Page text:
Flexibility is good for business. Matching the people needed to the peaks and troughs in work makes for an efficient operation.
Having the biggest choice of available workers is also good for business and people such as retirees, carers, students or second-jobbers may be looking for occasional earnings. So I can see how zero-hours contracts can add value and allow a previously ‘difficult to employ’ group of people access to work.
But something doesn’t feel right. I am pretty certain such contracts are also being used to sidestep employee rights, pay less, and keep employees at the beck and call of the employer. Most employers understand that the quality and engagement of their employees will significantly affect their success, so why single out a group to treat less favourably?
An important part of getting the ‘people’ bit right is about reward, including reasonable rates of pay enhanced by value-add benefits, such as employee discounts and life assurance. Where zero-hours contracts are used to set lower rates of pay and exclude workers from benefits, this is demotivating and unfair.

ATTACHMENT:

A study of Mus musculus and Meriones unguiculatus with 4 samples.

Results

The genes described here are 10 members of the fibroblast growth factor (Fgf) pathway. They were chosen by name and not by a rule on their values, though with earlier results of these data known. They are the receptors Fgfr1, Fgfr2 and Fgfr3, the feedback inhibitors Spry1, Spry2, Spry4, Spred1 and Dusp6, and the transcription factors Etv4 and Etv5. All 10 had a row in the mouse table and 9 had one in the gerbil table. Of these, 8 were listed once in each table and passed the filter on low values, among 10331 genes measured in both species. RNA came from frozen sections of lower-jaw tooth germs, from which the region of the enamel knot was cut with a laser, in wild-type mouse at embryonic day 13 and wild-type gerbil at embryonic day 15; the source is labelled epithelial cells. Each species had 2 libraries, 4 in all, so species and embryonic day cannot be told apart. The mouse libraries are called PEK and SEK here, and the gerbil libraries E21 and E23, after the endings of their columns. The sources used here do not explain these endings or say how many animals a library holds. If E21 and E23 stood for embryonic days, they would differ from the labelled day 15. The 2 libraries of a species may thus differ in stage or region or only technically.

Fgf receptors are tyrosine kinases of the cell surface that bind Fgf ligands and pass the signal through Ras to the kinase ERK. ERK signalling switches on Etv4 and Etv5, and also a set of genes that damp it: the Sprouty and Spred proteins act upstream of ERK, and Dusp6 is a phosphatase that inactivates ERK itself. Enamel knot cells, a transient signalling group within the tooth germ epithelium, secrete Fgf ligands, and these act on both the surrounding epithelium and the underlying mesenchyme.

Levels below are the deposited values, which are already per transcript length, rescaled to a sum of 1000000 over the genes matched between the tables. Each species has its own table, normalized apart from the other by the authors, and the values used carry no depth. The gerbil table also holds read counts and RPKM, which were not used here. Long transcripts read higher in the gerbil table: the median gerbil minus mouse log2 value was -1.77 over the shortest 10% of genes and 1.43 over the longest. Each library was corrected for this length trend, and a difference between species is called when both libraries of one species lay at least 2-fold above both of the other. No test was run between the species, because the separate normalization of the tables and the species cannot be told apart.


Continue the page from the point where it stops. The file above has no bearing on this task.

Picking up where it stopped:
Some employers are excluding workers on zero-hours contracts from sick leave and holiday pay. Not having an option to take paid leave when unwell or in need of a break is simply not good for the health and wellbeing of the individual, or their contribution at work.
Treating an employee with respect is an important part of the overall employee deal. Most workers will be looking for some clarity and certainty over their working pattern. Are employers really doing all they can to offer this where possible?
As an HR profession, it is our place to ensure zero-hours contracts are used for the right reason, and then rewarded appropriately and managed well. In doing so, we can create great places to work regardless of employee contract.
Sam Gee is senior consultant at Innecto Reward Consulting
Gee will speak on the topic of communications at Employee Benefits Live on 25 September.